I am shocked. Robert Samuelson, in an op-ed title “A Costly Freebie,” writes:
Just about every American politician, regardless of party, favors adding a prescription drug benefit to Medicare. It’s a bad idea. The Senate will soon begin considering the latest proposals. We can only hope that bickering among politicians and interest groups — retiree lobbies, drug companies, health insurers — creates a deadlock. A Medicare drug benefit would simply worsen the country’s central budget problem: the huge retirement costs of the baby-boom generation.
I want to kiss him.
The crusade for a drug benefit is mostly a shameless competition for retirees’ votes. It’s democracy in action, because the elderly are the nation’s most powerful voting bloc. In the 2000 election, almost 70 percent of those 65 and over voted; turnout was only slightly lower (64 percent) for the near-elderly (45-64). By contrast, only 35 percent of those 21 to 24 voted. Who cares about them? The elderly vote more, and their lobbies focus single-mindedly on protecting and enhancing Social Security and Medicare benefits.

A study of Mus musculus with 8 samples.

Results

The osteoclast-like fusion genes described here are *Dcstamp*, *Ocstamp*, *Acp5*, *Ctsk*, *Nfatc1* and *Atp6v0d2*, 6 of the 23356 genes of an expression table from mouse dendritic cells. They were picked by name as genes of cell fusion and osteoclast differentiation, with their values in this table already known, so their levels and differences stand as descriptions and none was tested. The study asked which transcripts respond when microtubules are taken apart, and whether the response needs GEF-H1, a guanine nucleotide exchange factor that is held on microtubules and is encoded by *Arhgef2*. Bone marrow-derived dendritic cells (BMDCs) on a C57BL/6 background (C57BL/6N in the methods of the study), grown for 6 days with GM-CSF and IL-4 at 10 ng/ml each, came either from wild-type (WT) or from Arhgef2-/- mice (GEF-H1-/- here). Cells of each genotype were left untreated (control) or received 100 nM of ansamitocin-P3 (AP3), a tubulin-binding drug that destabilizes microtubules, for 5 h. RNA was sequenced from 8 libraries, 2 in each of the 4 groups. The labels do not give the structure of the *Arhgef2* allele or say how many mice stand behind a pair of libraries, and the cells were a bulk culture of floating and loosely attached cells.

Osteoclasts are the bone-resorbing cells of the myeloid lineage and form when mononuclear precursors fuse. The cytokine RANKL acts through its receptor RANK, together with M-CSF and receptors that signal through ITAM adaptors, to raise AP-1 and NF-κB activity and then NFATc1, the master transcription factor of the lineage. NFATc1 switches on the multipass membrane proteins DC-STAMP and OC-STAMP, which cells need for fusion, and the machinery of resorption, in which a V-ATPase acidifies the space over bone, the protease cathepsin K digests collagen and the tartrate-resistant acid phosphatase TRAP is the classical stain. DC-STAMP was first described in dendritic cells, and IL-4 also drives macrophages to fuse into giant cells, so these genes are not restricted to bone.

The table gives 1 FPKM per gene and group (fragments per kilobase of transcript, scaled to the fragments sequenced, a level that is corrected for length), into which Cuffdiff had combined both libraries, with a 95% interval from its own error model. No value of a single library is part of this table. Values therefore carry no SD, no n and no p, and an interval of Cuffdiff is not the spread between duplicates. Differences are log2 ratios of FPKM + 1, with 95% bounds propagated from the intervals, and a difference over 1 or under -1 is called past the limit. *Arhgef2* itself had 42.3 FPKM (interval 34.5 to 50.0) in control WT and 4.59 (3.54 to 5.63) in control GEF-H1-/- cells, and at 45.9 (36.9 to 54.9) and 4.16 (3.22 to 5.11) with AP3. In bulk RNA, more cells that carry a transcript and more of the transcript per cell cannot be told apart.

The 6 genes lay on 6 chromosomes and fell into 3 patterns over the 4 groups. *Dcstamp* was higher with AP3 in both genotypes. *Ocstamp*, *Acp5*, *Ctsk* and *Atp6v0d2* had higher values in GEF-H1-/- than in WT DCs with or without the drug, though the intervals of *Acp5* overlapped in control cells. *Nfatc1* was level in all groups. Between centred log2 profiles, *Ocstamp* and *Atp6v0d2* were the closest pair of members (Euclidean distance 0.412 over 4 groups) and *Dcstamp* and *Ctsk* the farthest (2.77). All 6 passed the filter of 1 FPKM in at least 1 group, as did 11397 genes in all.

The perverse paradox is this: Although Social Security and Medicare shape the long-term budget outlook, budget debates largely exclude Social Security and Medicare. Congress should have long ago tempered retirement costs by gradually raising eligibility ages and trimming benefits for wealthier retirees. Congress did slightly increase Social Security’s eligibility age in the 1980s; but the subject hasn’t been revisited. No one wants to upset retirees — present or future.